I haven't posted much on Stayin' Alive on weekends lately, but due to enforced hibernation you get a bonus post today. As I said last time, we don't buy medical services -- or have our insurance pay for them -- because we enjoy having our livers resected, we generally do it because we feel compelled.
Source: Jason M. Sutherland, Ph.D., Elliott S. Fisher, M.D., M.P.H., and Jonathan S. Skinner, Ph.D. NEJM.org, Sept. 9 2009
So here are figures on Medicare spending, depending on people’s self-reported health status. Obviously, as you might expect, people who are in poor health use more services. Just as obviously, they don’t do so out of choice. They are not exercising their liberty, on the contrary, their liberty is constrained by their condition. (Figures on privately insured people would show a similar relationship, but they are not as readily available. Of course pregnancy and childbirth, as well as sickness, drive part of the cost for younger women, but that doesn't contradict the principle.) (You'll also note that Medicare spending is concentrated among people in the last year of life, but that doesn't mean it's all wasted. If we could perfectly predict who is about to die, we might be able to save some money on futile measures, but we generally can't predict very well. More on all that later.)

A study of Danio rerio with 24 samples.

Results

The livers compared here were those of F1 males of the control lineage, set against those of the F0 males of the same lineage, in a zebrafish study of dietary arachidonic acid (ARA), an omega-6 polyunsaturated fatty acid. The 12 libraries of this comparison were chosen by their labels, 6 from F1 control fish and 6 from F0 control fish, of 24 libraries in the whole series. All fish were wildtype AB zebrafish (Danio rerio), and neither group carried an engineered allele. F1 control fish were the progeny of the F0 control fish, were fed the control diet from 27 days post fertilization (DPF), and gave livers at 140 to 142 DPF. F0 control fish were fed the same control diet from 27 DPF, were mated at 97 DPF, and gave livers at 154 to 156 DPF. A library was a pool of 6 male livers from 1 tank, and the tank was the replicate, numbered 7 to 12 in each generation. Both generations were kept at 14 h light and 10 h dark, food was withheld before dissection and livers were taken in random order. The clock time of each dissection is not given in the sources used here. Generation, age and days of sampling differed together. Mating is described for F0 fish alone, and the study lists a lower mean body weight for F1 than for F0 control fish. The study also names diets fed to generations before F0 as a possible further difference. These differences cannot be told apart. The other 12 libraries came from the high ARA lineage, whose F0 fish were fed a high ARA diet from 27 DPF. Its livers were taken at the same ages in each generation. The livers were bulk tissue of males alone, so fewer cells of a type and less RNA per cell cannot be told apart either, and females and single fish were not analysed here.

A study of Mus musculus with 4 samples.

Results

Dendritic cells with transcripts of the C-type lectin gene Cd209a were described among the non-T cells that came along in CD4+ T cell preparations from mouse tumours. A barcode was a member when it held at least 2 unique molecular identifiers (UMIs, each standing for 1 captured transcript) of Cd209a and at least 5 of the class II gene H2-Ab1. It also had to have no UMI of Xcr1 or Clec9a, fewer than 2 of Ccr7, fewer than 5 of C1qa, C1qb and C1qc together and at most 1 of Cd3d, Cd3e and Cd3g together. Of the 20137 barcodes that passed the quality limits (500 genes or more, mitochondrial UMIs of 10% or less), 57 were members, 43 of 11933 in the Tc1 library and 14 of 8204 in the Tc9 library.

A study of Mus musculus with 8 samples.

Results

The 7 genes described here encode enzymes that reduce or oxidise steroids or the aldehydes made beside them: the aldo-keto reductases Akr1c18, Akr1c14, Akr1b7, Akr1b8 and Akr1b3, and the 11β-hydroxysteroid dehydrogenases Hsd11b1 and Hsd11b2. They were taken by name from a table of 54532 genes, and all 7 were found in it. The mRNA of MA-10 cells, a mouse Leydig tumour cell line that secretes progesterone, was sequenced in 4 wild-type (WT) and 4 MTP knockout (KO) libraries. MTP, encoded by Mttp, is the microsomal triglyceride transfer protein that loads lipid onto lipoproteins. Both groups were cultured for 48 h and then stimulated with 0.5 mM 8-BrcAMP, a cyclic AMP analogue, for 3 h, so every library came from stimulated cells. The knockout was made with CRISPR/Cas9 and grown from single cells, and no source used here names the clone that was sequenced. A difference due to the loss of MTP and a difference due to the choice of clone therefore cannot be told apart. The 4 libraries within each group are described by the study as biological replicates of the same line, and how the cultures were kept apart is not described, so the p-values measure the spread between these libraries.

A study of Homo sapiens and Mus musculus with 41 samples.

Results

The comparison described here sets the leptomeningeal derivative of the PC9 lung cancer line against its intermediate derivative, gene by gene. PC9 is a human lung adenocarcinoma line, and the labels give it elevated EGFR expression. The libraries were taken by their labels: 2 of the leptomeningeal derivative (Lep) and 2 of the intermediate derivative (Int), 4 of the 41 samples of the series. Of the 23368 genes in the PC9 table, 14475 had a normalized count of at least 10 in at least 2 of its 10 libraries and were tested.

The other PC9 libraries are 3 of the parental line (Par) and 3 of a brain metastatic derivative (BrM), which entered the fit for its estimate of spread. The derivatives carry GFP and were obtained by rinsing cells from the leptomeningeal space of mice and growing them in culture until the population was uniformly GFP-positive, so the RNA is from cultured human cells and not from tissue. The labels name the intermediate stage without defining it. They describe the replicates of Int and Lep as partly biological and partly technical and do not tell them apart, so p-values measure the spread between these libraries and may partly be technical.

So yes, sick people cost more, but that's not the whole story.
This is another graph from the same article by Sutherland and colleagues. Here we see that Medicare spending varies enormously by region of the country. However, it is not the case that people in the higher spending regions tend to be sicker; or at least that's a very small part of the reason. Here's how they explain it:
[I]n regions where there are more hospital beds per capita, patients will be more likely to be admitted to the hospital—and Medicare will spend more on hospital care. In regions where there are more intensive care unit beds, more patients will be cared for in the ICU—and Medicare will spend more on ICU care.
And the more CT scanners are available, the more CT scans patients will receive. . . [I]n regions where there are relatively fewer medical resources, patients get less care—and Medicare spends less. So geography becomes destiny for Medicare patients.
So evidently, it is not consumer choice that is driving the demand for medical services. It's something else, something they never told you about in Economics 101. Something is very fishy about that relationship between price, supply and demand that the guy in the bow tie lectured about. In fact, it's even fishier than you may already be thinking. More on this anon.